10 Buyers and Sellers You Need to Know

The players with the biggest audiences—and those with the most dollars to spend

The Sellers: Platform Companies

Perhaps it’s a sign of how in flux digital advertising remains that the backgrounds of the men (and they’re all men) charged with overseeing ad sales at the biggest Silicon Valley platform companies are so varied, 17 years after the industry began selling banners. Only one of them—Twitter’s Adam Bain—is a true native of the digital world, and his company’s the one that’s still trying to invent a revenue model for itself. There are obvious synergies in bringing someone with a television or a consumer marketing background into one of these jobs; less obvious to divine are those that draw on experience overseeing supply chain management or a government bureaucracy.

Frank Holland

Corporate vp, advertising and online business


For most of his 13 years at Microsoft, Frank Holland’s focus has been the company’s supply chain. Yes, that’s right: the new chief of Microsoft Advertising is a logistics guy.

The former corporate vp of operations, who assumed his new role in April, says his background helps him connect Microsoft’s “phone, Web, browsing, and entertainment [silos].” And, helpfully for a company whose messy structure for managing ad sales has sometimes confounded clients, Holland, married with two kids, has a reputation for having great people skills.

John Connors, Microsoft’s former CFO—who spent three years recruiting Holland from Accenture, which he joined in 1987—says Holland once volunteered, and went, to rural Montana to help his father, a county commissioner, upgrade the county’s computer system.

A history buff, Holland says, “The way I surface areas that my company might invest in is grounded in . . . what has history taught us about where we can go?” —Ki Mae Heussner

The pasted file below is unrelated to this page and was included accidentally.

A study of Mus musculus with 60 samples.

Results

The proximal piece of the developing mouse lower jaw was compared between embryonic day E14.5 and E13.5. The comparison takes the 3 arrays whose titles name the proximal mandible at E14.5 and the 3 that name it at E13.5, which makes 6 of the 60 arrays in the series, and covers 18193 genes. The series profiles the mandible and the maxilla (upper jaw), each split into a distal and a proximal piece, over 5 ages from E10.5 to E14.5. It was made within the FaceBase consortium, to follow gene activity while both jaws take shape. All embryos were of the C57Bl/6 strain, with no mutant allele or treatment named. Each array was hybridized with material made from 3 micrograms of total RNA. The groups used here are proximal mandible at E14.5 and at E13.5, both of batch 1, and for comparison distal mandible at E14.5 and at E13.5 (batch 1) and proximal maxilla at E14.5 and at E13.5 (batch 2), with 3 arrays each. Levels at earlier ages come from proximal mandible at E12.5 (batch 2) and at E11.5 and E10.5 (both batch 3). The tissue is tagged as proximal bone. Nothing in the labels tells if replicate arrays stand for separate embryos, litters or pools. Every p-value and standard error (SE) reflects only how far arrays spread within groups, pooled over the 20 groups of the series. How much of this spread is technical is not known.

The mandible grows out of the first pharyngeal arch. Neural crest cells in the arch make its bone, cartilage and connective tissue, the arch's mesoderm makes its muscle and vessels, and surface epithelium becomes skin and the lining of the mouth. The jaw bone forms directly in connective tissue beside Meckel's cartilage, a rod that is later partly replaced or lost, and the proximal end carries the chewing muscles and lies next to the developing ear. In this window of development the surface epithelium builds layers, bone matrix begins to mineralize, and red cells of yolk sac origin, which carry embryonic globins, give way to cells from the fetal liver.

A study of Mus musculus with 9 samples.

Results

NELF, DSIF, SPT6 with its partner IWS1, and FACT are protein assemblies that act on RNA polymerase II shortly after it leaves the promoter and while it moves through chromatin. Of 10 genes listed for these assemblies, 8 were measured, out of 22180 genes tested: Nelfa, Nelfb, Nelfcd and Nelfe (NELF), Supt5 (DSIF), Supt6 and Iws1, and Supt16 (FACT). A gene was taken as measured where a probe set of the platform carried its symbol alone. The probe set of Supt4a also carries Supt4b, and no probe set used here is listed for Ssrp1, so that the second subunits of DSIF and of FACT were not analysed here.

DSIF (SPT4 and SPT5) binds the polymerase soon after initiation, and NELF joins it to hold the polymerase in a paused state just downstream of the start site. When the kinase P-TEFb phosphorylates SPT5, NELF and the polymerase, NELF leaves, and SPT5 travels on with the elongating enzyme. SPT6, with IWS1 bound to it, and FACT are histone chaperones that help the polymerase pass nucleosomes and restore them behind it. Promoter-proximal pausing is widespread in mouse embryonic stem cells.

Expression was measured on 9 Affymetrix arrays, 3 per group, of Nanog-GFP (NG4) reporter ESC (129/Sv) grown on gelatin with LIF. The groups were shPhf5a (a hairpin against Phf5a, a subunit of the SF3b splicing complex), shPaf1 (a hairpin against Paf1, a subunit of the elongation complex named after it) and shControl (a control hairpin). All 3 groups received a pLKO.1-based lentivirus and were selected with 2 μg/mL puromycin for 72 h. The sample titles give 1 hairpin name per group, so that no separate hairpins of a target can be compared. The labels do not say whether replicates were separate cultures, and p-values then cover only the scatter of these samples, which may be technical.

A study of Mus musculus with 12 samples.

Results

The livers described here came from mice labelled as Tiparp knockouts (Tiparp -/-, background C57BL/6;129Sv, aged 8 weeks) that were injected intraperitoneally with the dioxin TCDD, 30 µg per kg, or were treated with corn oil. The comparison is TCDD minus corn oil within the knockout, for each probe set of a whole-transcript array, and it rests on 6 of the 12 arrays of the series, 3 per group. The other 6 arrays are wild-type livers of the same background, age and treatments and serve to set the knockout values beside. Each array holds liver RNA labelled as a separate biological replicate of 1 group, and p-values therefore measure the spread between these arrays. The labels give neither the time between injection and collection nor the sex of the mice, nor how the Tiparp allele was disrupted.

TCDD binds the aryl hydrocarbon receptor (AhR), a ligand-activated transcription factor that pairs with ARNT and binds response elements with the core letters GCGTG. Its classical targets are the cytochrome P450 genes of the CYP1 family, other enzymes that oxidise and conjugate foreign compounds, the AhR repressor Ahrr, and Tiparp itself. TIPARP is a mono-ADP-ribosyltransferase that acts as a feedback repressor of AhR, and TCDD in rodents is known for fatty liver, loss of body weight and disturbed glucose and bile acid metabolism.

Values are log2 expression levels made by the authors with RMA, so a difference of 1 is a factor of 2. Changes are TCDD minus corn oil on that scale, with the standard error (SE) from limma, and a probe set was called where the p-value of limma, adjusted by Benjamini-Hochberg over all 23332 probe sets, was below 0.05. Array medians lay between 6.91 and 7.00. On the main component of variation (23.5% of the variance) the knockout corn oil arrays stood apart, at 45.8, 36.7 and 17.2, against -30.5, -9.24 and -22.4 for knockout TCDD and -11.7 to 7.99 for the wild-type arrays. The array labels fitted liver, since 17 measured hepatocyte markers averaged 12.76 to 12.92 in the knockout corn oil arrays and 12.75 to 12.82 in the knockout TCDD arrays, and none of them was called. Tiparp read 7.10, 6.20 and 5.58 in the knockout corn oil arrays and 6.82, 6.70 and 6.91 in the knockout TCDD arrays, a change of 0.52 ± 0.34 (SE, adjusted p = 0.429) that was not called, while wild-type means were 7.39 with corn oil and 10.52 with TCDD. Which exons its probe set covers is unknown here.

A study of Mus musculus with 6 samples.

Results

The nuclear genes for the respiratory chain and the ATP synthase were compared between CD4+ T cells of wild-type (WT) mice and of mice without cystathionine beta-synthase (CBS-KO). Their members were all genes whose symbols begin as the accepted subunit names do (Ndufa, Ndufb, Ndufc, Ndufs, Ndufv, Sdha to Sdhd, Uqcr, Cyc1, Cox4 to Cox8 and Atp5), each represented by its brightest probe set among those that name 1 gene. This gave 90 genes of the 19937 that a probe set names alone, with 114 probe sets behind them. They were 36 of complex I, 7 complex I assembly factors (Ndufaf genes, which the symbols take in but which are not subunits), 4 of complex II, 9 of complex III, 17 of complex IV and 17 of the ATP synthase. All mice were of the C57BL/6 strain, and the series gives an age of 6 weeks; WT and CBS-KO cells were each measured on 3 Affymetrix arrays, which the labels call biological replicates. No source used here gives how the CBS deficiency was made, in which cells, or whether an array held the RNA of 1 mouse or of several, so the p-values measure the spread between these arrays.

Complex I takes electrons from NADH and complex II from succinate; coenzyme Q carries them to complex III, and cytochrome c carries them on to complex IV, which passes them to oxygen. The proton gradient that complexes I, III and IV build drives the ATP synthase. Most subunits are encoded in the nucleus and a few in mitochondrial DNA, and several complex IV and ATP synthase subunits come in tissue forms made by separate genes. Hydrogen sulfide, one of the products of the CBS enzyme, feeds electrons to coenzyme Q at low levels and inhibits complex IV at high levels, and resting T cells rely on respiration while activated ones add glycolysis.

David Fischer

Vp, advertising and global operations


David Fischer was a Silicon Valley novice when he joined Google in 2003. Prior to his tech move, Fischer, now married with two children, had been a journalist and then deputy chief of staff at the U.S. Treasury Department during the Clinton administration. His fresh perspective was an advantage. For instance, back then banners were the most successful form of online advertising, but he helped grow Google’s text-based AdWords.

At Facebook, which he joined in March, Fischer is part of a growing Beltway cabal that includes Marne Levine and Elliot Schrage. In fact, he followed COO Sheryl Sandberg there from Google; the two worked together at Treasury under Larry Summers.

Fischer’s political chops haven’t weakened; he’s notorious for staying on message. And his familiarity with international finance is ingrained; his father, Stanley, governor of the Bank of Israel, has also worked at the IMF and World Bank. —Erin Griffith

Adam Bain

President, revenue


Last year, Adam Bain—then president of Fox Audience Network—became so disgusted with abysmal online ad performance that he had a “Jerry Maguire-type experience,” he says, exiting the company to “do some soul searching.”

He joined Twitter in August 2010, lured by the dramatic engagement rates. He’s built Twitter’s sales headcount from 10 to more than 60, and launched Promoted Tweets, Trends, and Accounts campaigns with more than 600 marketers.

An information junkie, Bain, who’s married with two kids, says he realized early on digital would dramatically change newsrooms. He helped create Cleveland.com, the digital arm of The Plain Dealer—Bain’s an Ohio native—some 17 years ago. Next he was at the Los Angeles Times website, followed by 13 years at News Corp.

Ross Levinsohn (up next), Bain’s former boss at News Corp., says, “I’ve always said I’d probably end up working for him one day.” —E.G.